And they want us to come back?



I told Marge we wouldn’t be staying.

“You know how it is,” I told Mrs. Baker. “We’ve got a long day tomorrow.”

Poor blubber-faced Mrs. Baker was so put out I knew then we would not receive an invitation to her daughter’s graduation in June.

I minded this so much I struggled to keep the joy from showing while I manufactured a remorseful expression.

Marge dug the tips of her fingers between my ribs as if excavating for the missing one.

“You’re drawing blood,” I whispered in her direction.

“Not nearly enough,” she whispered back.

She didn’t agree with my move, but dreaded public conflicts, preferring perform her massacres behind closed curtains.

“Our children will worry,” I explained to Mrs. Baker, although avoiding her gaze by staring at her display of crystal where I met my own reflection in the mirror behind them, so full of guilt was my expression I needed not confession of my distaste for her or her social occasions.

“But I thought both your children are at the university?” Mrs. Baker said, prompting Marge to strike an even deeper assault of my rib cage for my getting caught in the lie.

The mention of the university drew up the needle nose of Professor Dinsley, who ruled over all discussion of education at these affairs like a tyrant, growing enraged at anyone treading on his turf.

Mrs. Baker, despite being a snob, was not stupid, snorted at catching me in my fib, and turned away, leaving me a glare of rage from Marge that promised a miserable ride home and perhaps days of unceasing wrath after that.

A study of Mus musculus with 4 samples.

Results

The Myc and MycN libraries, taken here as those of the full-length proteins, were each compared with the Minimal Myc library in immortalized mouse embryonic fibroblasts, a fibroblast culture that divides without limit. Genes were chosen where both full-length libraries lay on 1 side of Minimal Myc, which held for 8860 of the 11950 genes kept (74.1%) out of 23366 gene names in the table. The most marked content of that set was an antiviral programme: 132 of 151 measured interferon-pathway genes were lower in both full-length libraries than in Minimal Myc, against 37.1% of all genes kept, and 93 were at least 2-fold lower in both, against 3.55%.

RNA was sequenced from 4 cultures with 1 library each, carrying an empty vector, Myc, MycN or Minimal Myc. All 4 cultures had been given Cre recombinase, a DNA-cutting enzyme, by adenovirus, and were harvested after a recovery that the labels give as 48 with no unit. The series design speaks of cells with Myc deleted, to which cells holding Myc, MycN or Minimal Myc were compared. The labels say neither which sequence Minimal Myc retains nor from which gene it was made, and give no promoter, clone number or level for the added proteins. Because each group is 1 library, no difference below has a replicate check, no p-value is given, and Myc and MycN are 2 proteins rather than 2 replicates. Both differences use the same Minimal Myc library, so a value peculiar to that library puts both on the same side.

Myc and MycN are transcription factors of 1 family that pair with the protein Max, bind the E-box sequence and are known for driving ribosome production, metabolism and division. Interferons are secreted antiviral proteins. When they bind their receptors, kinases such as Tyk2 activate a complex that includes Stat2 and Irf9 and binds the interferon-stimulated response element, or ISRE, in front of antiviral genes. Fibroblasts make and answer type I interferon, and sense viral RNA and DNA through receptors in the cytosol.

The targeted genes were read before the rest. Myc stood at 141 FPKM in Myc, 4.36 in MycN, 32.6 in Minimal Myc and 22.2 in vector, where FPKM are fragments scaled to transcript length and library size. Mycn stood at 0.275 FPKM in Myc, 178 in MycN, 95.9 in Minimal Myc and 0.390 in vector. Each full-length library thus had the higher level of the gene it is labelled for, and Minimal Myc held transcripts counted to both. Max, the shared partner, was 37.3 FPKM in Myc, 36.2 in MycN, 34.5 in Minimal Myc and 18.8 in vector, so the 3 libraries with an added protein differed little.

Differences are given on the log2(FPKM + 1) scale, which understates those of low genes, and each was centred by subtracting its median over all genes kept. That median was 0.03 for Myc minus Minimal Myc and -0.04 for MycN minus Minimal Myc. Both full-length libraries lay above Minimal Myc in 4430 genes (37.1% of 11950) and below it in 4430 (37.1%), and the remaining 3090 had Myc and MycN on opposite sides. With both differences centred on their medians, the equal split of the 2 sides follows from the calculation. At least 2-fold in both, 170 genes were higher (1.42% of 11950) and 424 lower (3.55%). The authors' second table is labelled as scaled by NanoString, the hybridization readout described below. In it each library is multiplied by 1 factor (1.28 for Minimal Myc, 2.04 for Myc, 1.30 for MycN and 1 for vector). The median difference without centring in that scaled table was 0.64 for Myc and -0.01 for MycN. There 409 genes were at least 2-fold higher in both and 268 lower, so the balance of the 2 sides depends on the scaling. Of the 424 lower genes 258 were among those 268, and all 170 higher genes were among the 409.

I took her hand. She snatched it away. I took it again, then cringed at her grasp.

“Really, we must go,” I said again in Mrs. Baker’s general direction though she was engaged with some poor fool from the country club she had suckered into coming on the pretense he would meet social equals when really she needed him to show how superior she was to the rest of us.

My hand, firmly in Marge’s grip, would need major surgery by the time we reached the car.

Others gave faint protest, saying how we really ought to stay a little longer, how much we were appreciated, one even called us “the life of the party,” nearly giving Mrs. Baker cardiac arrest, but increased the injury to my palm when I mistakenly allowed my amusement to show, Marge hissing warnings of later and greater injury. I swallowed with difficulty, then steered Marge towards the door.

Mrs. Baker’s butler – hired whenever she gave one of these affairs – greeted us with our coats and cold comfort, wishing us safe passage home.

I wondered if I should ask him to call the medical center to have an ambulance waiting for us at home when we arrived, but Marge yanked my hand so hard in her effort to get me to the car I had no time.

Then, floating behind us in a cheerful tone meant for others to perceive as sincere, Mrs. Baker called coolly, “Do come back soon.”

“They want us back?” I said bewildered.

“Don’t be a bigger ass than you already are,” Marge said, and dragged me towards my waiting doom in the car.